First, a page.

Global warming has been called, with good reason, the biggest environmental challenge the world has ever faced and the bad news about the impacts of climate change just keeps piling up. Summer arctic sea ice is disappearing faster than even the most pessimistic scientists ever predicted, villages in Alaska are tumbling into the sea, the beloved polar bear is at risk of extinction and Adelie penguin populations on the Antarctic Peninsula have been declining as temperatures there have risen an average of 6 degrees Celsius in the winter.
The losses are mounting, but is there good news for some? Anyone who has read Andrew Revkin’s series of stories about the land rush in the Arctic knows that some oil and shipping interests will benefit from an opening of the fabled Northwest passage across the Arctic Ocean. (However, these short-term gains will inevitably lead to long-term losses by the rest of the human and natural world as NCAR’s Michael Glantz so eloquently writes about in his blog Fragile Ecologies).
But did you know that residents of Greenland can now enjoy locally grown potatoes and brocolli? And that in the Ross Sea region of Antarctica, Adelie penguin populations are actually increasing, unlike the penguins of the Antarctic peninsula? That was the subject of a recent talk at the Exploratorium by David Ainley, a biologist who has been studying the intrepid Adelie penguin for nearly thirty years and reports on his research in the Penguin Science website.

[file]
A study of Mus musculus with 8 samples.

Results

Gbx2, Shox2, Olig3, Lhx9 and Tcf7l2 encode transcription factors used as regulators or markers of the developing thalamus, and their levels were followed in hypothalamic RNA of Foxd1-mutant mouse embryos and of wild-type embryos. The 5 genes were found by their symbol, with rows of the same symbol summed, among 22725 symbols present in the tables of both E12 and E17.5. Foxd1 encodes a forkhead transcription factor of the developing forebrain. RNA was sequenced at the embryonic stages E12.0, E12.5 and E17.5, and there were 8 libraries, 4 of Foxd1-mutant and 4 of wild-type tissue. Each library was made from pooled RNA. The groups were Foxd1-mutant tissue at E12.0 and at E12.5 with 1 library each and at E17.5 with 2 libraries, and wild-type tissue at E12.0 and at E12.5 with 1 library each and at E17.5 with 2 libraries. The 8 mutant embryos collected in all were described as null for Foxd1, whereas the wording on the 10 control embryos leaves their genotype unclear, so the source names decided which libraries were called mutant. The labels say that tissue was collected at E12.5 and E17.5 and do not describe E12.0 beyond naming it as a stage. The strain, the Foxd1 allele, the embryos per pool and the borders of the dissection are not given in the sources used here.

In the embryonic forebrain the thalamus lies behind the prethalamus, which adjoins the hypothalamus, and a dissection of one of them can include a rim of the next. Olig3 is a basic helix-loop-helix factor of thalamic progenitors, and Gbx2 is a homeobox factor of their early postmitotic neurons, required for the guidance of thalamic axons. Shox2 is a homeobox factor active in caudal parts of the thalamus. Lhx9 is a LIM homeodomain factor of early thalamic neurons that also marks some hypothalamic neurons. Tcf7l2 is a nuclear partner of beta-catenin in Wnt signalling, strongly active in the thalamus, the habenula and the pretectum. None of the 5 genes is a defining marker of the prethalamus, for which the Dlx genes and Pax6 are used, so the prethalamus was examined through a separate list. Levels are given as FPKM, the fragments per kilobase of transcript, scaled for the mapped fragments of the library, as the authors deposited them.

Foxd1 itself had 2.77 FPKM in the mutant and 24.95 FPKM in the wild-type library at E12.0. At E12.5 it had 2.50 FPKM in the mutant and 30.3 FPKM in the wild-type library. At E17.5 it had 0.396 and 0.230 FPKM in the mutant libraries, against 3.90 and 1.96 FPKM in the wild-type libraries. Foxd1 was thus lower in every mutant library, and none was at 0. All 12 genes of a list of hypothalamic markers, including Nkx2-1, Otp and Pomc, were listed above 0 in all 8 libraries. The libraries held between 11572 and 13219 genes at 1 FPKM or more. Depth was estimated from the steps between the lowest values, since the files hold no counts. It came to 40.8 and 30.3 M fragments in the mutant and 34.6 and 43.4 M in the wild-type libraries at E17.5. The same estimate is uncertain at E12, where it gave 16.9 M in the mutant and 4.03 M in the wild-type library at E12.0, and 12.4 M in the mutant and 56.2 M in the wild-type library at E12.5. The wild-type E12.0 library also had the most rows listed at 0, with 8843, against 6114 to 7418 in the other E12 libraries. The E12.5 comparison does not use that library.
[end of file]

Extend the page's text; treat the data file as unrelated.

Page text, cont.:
The story, David says, is more complex than the view that a warming earth melts ice and destroys the habitat for all animals that live on or near frozen sea or ground. In reality, global warming does more than melt ice and heat up the air, it also changes wind patterns which can affect the extent and movement of floating sea ice. For Adelies, which nest on bare rock near the coast, increasing winds push sea ice farther offshore and give the penguins access to ocean feeding grounds without having to walk across kilometers of ice. That makes them better able to feed their chicks, increases reproductive success and has meant a steadily rising population of Adelie penguins in Eastern Antarctica. At the same time, this loss of sea ice threatens the Emperor Penguin, the heroes of “March of the Penguin” and “Happy Feet.” These large birds need a stable platform of sea ice to lay their eggs and hatch chicks. They do this in winter, rather than summer, and the caretakers do not return to sea while they are raising chicks, as the Adelie penguins do. Emperor penguins are vulnerable to shifting sea ice and have suffered population declines as much as 50% as increasing winds have destabilized their breeding habitat and swept chicks and eggs out to sea. The very bad news for Emperor Penguins is that climate models are forecasting even stronger winds in a warming Antarctica, making them climate losers.